Terror in the Kingdom - Chapter One
Two metallic doors closed with a soft click, and the elevator began its rapid, three-story ascent to the top of the Astro Orbiter. Grayson Hawkes’ ride up to the attraction’s loading platform would only take a few moments, but as the doors shut and the floor beneath him began to vibrate, Hawk knew he had made an error. On a normal night in Walt Disney World’s Magic Kingdom, guests rode this elevator skyward along the gantry and were deposited into the boarding area of the Astro Orbiter. The genesis of Hawk’s mistake was in assuming this night was normal.
In recent years, Hawk had the galactic attraction—the visual centerpiece of Tomorrowland—refurbished so that now, not only did the twelve rockets rotate around the ornate ironwork of the center tower, but the planets also swirled around the outside of the attraction. The proximity of the twirling planets and moons spinning around the rockets while the open-air starships rotated in the opposite direction created the illusion of speed at a dizzying height. Guests controlled their space flights from eighty feet up in the Tomorrowland sky, while enjoying a unique and thrilling view of Magic Kingdom. To further enhance the illusion, guests now had to ride one of these two elevators up along the launchpad gantry to board their starship.
Hawk had stepped inside the elevator marked Lift B to Rocket Platform, and pushed the button that would take him to the top of Rocket Tower Plaza. But a hitch in the upward movement of the car gave way to a sudden jerk, and the lift squeaked to a halt between the second and third levels. The ride had lasted just a few moments, but it was long enough for Hawk to realize he had stepped into a trap. The unplanned stop could have been a random malfunction, yet somehow Hawk knew this was not the case. In his rushed attempt to reach the top of the Astro Orbiter, he had ignored what should have been obvious. He had ignored the possibility of danger.
Reflexively, he pressed the control buttons, but the elevator wouldn’t budge. The lights inside flickered and then went to black. For a few brief seconds, Hawk was swallowed up by darkness until an emergency light fought through the inkiness and cast an eerie jade glow across the interior of the cabin. Hawk took advantage of the illumination to start looking for a way out. The ominous sensation of being trapped inside the closed box threatened to cloud his clarity in searching for an escape.
An explosion jarred the elevator car violently and the gantry structure shuddered, driving Hawk against the floor. His ears ringing from the deafening blast, he placed a steadying hand along the wall and willed himself back to his feet. The elevator car swayed. Through the ringing he heard what sounded like a hiss of steam. A surge of smoke filled the cabin of the elevator, and waves of overheated air rushed into his lungs causing him to gasp. The temperature inside the elevator was rapidly rising, and Hawk widened his eyes to see through the smoke.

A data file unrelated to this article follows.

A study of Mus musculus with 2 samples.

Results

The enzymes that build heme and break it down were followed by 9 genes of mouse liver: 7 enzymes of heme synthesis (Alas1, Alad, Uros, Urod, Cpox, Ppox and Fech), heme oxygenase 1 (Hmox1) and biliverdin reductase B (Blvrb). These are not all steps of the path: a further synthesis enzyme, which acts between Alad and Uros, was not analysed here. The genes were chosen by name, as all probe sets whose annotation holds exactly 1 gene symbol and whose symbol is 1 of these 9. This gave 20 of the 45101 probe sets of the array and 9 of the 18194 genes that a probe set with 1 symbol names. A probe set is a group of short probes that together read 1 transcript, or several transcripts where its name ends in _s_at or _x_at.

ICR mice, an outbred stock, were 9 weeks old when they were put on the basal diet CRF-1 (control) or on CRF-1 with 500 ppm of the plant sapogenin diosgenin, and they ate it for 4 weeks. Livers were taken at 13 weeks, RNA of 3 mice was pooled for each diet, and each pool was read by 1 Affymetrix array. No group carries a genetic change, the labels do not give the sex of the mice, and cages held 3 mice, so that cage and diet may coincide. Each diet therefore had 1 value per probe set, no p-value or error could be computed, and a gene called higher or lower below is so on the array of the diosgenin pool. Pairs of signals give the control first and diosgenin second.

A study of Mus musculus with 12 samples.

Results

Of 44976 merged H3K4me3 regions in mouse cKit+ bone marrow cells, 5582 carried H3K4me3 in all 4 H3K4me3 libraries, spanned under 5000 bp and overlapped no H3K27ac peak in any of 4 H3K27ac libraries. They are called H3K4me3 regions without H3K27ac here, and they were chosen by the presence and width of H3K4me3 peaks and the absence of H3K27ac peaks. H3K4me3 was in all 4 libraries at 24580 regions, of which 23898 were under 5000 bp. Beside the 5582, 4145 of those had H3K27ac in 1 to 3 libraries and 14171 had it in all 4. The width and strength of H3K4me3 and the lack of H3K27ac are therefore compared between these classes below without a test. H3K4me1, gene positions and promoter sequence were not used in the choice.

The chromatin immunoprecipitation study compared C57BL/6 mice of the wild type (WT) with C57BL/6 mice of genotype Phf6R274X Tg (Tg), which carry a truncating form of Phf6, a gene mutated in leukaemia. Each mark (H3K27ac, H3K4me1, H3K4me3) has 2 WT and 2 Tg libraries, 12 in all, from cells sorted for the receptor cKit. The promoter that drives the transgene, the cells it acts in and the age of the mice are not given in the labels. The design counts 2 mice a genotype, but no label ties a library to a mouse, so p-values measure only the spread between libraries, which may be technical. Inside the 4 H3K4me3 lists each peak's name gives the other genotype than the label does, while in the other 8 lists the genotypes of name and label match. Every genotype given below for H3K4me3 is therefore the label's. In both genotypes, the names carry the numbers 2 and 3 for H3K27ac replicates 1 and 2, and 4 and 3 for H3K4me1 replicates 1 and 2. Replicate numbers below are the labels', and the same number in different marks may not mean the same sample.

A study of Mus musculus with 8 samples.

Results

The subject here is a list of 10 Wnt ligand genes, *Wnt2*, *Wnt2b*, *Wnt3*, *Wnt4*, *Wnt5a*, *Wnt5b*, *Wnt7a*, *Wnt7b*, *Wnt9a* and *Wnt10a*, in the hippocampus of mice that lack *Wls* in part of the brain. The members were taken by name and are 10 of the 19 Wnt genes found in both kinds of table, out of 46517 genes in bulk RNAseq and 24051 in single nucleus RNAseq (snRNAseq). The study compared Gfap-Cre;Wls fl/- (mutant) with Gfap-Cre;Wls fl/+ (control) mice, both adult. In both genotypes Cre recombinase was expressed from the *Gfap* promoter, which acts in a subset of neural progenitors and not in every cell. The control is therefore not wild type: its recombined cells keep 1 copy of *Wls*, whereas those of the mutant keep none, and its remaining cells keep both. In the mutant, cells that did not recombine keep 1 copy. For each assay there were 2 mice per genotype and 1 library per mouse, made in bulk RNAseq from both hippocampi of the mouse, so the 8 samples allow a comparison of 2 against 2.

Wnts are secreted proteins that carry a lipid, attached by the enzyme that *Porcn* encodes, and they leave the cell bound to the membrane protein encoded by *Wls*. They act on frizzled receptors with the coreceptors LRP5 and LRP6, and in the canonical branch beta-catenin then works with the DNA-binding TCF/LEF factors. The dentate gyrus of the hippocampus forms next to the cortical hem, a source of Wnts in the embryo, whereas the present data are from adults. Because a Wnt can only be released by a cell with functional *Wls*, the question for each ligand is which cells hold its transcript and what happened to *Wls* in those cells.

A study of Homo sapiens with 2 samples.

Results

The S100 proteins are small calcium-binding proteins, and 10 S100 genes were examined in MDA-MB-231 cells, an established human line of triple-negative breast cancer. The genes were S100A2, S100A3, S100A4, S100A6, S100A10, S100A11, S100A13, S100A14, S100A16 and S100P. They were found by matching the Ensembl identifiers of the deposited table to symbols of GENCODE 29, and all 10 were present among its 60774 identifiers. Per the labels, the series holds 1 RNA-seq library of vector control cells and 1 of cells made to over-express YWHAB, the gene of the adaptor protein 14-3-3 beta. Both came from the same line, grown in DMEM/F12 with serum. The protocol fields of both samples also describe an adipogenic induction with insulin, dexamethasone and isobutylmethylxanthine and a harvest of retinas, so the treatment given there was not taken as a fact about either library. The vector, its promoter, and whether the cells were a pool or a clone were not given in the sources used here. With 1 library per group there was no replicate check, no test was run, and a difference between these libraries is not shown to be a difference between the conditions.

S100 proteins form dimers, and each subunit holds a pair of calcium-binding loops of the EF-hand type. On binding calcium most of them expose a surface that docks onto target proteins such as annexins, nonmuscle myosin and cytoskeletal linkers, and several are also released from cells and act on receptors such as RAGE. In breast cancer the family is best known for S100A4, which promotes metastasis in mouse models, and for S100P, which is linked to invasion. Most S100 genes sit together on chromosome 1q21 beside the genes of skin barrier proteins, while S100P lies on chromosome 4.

His brain screamed at him to find a way out. Now on his feet, he began mentally replaying the loop of memory he had created moments before. There was an escape hatch on the roof of the elevator. He had seen it. All he had to do now was find it. He had been in situations more dangerous than this; he just had to orient himself and get out while he was still able to think through the fog of smoke that threatened to smother him. Stretching out his arms, he jumped up off the elevator floor and hit the roof. He had guessed correctly; it retracted at his touch. Through the blinding haze, he felt his way along the wall and grasped the handrail. He lifted his foot up onto it and launched himself, his fists blasting through the escape panel. Grabbing one side of it, he gripped it tightly, swung his body away from the wall, and pulled himself up.
Thick smoke raced upward through the opening, hungrily searching for an escape, and Hawk attempted to ride it toward safety. With both hands gripped along the edge of the opened hatch he pulled his body up in the billowing flumes, through the opening. He was holding his breath, halfway through the hole when a second explosion ripped through the elevator shaft, lifting the car and tossing it back and forth like a pinball trapped between two bumpers. The violent movement tore his hands away from their precious grip on hope, and he was flung like a ragdoll through the air. His body, now covered in slick sweat, thundered onto the bottom of the car. The four-sided metallic fist that had trapped him now retightened its grip. Overhead, glowing orange flames peeked through the crawling smoke. Hot sparks rained down through the opening, and a searing pain in the back of his throat prevented him from crying out for help.
The moment he had pressed the button on the elevator, Hawk somehow knew he had miscalculated. He’d made a mistake. This was his fault. He had failed, and this time they had finally beaten him. His chest heavy, and struggling to find his next breath, Hawk closed his eyes as the heat inside the furnace he was trapped in engulfed him.